Usama Gergis, MD, MBA, reviewed that difference in acute and chronic graft-versus-host disease and the treatment available for each
Usama Gergis, MD, MBA Professor of Oncology Director, Bone Marrow Transplant and Immune Cellular Therapy Sidney Kimmel Cancer Center Thomas Jefferson University Hospital Philadelphia, PA, reviewed that difference in acute and chronic graft-versus-host disease (GVHD) and the treatment available for each.
Targeted OncologyTM: How would you treat a patient with GvHD in the second line?
GERGIS: If you [have a patient with] second-line acute GVHD, your answer should be ruxolitinib [Jakafi] because it’s the only drug that has been tried in phase 3 trials. If you get a [case of] chronic GVHD, your answer should be ibrutinib [Imbruvica].
What is the efficacy of peripheral blood stem cells (PBSC) versus bone marrow from unrelated donors in patients with acute and chronic GvHD?
[Results from] a phase 3 study of bone marrow versus stem cells for unrelated donors [showed] the acute GVHD population [cumulative incidence] was the same between both.1 For the chronic population, the bone marrow did better [PBSC 53% vs bone marrow 41%; P = .01]. This was published almost 8 years ago, [and it] was reported almost 10 years ago, but we still use stem cells.
This has not changed practices, and the reasons are, number 1, there was more primary graft failure on the bone marrow than the PBSC, and number 2, it’s pretty involved to do bone marrow harvest, although I have done it for 15 years, at least a few every month.
The benefit of bone marrow versus PBSC—and this benefit was only studied in unrelated donors, not in matched related donors—was seen across all organs affected with chronic GVHD except lungs, [gut, and serosa].2 So, there was no real benefit in the lungs.
Can you explain the difference between acute and chronic GvHD?
Chronic GVHD is more complicated and involved than acute GVHD. In acute, you have the skin, gastrointestinal organs, and the liver [that may be affected]. That’s it. In chronic, all the patient’s other organs can be affected. The patient’s weight can be affected. [Chronic GVHD is] more debilitating over a long time and [can] go unrecognized for a while. [If a patient is] experiencing acute GVHD, you see them twice a week, whereas if the patient has chronic GVHD, you probably see them once a month. So you can see a very stark change in your patients within that month if they lose 10% of their body weight and they already lost a lot of weight in the period right after [transplantation], so that can be obvious to you.
[In my institution], we have the GVHD clinic where we [grade the patient based on] studying the degree of fibrosis, how many organs are affected, the patient’s range of motion, and the degrees in range of motion. We do frequent pulmonary function tests and various [other] testing. By looking at all the affected organs, you reach a grade, and that can be mild, moderate, or severe [chronic GVHD].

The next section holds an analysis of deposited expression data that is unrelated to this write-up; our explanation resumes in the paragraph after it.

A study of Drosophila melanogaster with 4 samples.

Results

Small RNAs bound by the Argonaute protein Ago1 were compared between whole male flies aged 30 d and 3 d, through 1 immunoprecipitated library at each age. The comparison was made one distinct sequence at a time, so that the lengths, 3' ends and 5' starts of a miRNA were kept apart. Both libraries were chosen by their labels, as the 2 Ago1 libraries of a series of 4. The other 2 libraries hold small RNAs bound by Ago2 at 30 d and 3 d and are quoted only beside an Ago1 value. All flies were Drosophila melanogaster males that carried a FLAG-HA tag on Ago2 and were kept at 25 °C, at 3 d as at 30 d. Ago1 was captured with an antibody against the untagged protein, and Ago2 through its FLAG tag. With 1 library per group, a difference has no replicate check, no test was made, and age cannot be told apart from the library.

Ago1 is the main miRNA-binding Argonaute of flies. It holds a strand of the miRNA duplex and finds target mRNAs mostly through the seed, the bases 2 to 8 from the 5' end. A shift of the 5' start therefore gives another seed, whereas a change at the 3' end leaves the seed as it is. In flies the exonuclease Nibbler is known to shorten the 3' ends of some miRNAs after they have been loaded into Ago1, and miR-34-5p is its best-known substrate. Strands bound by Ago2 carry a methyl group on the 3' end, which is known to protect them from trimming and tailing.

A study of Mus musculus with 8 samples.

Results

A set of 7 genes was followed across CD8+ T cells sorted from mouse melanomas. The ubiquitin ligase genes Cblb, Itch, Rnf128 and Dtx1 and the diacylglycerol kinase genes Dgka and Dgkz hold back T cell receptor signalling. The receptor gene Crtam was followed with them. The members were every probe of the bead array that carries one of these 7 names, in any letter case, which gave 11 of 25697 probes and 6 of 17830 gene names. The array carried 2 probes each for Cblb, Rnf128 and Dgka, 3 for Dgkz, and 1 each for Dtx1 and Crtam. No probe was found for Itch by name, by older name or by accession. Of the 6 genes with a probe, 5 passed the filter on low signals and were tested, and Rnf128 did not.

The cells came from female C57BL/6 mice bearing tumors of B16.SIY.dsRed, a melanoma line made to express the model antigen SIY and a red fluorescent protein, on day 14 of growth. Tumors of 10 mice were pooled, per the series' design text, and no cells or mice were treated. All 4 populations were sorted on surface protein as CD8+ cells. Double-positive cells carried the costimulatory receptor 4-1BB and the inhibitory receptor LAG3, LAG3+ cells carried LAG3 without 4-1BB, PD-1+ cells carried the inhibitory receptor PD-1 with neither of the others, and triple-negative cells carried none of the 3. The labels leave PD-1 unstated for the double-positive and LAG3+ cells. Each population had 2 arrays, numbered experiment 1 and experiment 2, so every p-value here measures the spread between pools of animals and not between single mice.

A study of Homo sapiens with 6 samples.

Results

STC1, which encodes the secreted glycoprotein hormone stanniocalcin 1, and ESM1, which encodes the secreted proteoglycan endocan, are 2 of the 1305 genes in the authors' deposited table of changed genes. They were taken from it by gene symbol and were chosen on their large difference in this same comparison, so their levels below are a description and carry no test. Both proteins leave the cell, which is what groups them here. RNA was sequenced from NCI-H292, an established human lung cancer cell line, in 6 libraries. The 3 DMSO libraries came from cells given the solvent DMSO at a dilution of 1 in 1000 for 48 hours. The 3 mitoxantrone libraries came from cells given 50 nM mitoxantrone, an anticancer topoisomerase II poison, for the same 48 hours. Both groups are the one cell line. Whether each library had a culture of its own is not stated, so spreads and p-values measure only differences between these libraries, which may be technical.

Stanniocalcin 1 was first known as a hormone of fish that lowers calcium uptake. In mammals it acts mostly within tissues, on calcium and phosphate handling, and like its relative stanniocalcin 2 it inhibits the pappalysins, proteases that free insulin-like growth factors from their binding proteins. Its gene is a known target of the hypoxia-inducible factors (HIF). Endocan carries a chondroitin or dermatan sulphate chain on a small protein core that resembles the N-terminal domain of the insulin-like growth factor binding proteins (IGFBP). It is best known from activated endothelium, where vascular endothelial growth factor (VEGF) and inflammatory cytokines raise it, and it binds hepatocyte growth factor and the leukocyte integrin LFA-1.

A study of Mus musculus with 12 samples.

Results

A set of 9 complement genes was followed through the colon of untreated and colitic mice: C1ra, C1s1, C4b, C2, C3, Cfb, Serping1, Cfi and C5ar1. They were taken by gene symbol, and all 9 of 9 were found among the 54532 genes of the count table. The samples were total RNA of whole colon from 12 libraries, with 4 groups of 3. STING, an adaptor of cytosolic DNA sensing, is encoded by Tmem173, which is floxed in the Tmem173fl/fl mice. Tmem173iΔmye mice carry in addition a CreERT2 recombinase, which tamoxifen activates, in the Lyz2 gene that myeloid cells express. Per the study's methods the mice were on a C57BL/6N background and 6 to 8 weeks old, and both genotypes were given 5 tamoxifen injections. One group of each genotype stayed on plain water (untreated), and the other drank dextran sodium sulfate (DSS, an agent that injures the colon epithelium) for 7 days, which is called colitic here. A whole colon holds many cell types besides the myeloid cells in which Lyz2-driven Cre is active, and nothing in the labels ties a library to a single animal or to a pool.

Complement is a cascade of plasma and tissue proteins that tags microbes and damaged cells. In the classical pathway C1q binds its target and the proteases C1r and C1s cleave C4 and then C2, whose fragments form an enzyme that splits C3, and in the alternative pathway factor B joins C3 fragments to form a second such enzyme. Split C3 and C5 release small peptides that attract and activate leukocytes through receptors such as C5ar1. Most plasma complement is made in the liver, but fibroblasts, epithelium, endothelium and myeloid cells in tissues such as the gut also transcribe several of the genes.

How do you treat moderate-to-severe chronic GVHD at initial presentation and in the second line?
First-line treatment for chronic GVHD are steroids. For second line, there are many agents [to consider]. I’ve tried most of them. I like photopheresis because it’s not pharmacological, but it’s pretty involved. Your patient will need a permanent catheter, and they will need to come to the transplant center twice a week, and you see a response after a long time. It takes an average of 50 photopheresis sessions for a response. But the beauty of photopheresis [is that] you could try it with other agents, so it’s not mutually exclusive. You could use it with ruxolitinib, ibrutinib, or any other agents.
The answer will be ibrutinib [for chronic GVHD], and that’s based on the [results of a] phase 2 clinical trial that treated 42 patients with steroid-refractory chronic GVHD, and the efficacy was 69% [best overall response rate], and 31% complete response rate.3
What do you think of these poll results?
Everybody agrees on giving ibrutinib. When I gave this talk a couple months ago, lenalidomide [Revlimid] was not included in the poll. I added it because [recently], a nice study in Blood came out from the National Institutes of Health where they tried lenalidomide at a small dose, 2 mg, in steroid-refractory chronic GVHD. It’s a large trial; I think it’s about 100 patients. They’ve seen responses that are comparable with ibrutinib....I treated a patient for multiple myeloma; he received a transplant for multiple myeloma, and now, 6 months later, he has chronic GVHD and some clonal plasma cells. So for him, I was comforted to know the results of the lenalidomide trial.
How does ruxolitinib play a role in this setting?
Ruxolitinib was reported in the REACH3 trial [NCT03112603] with very good responses in chronic GVHD.4 I think it probably will get approved for that indication. Looking at this study about 2 years ago, nothing was studied well in this indication, and ibrutinib was approved.
REACH3 was a large trial, almost 300 patients, and everybody was randomized to ruxolitinib 10 mg twice a day versus best available treatment. They looked at everybody about 6 months later for response.
What should physicians keep in mind when treating?
Chronic GvHD is pretty involved. Your patients will need a multidisciplinary approach. You need to pay attention to their bones. In the first 100 days post transplant, the average bone aging is 17 years.
So although we’re trying to treat acute GVHD, viruses, and prevent relapses, [by putting] your patients on some steroids, you are aging your patients’ bones by 17 years only in the first 100 days. No matter what you do, give your patients vitamin D, calcium, and Fosamax [alendronate sodium].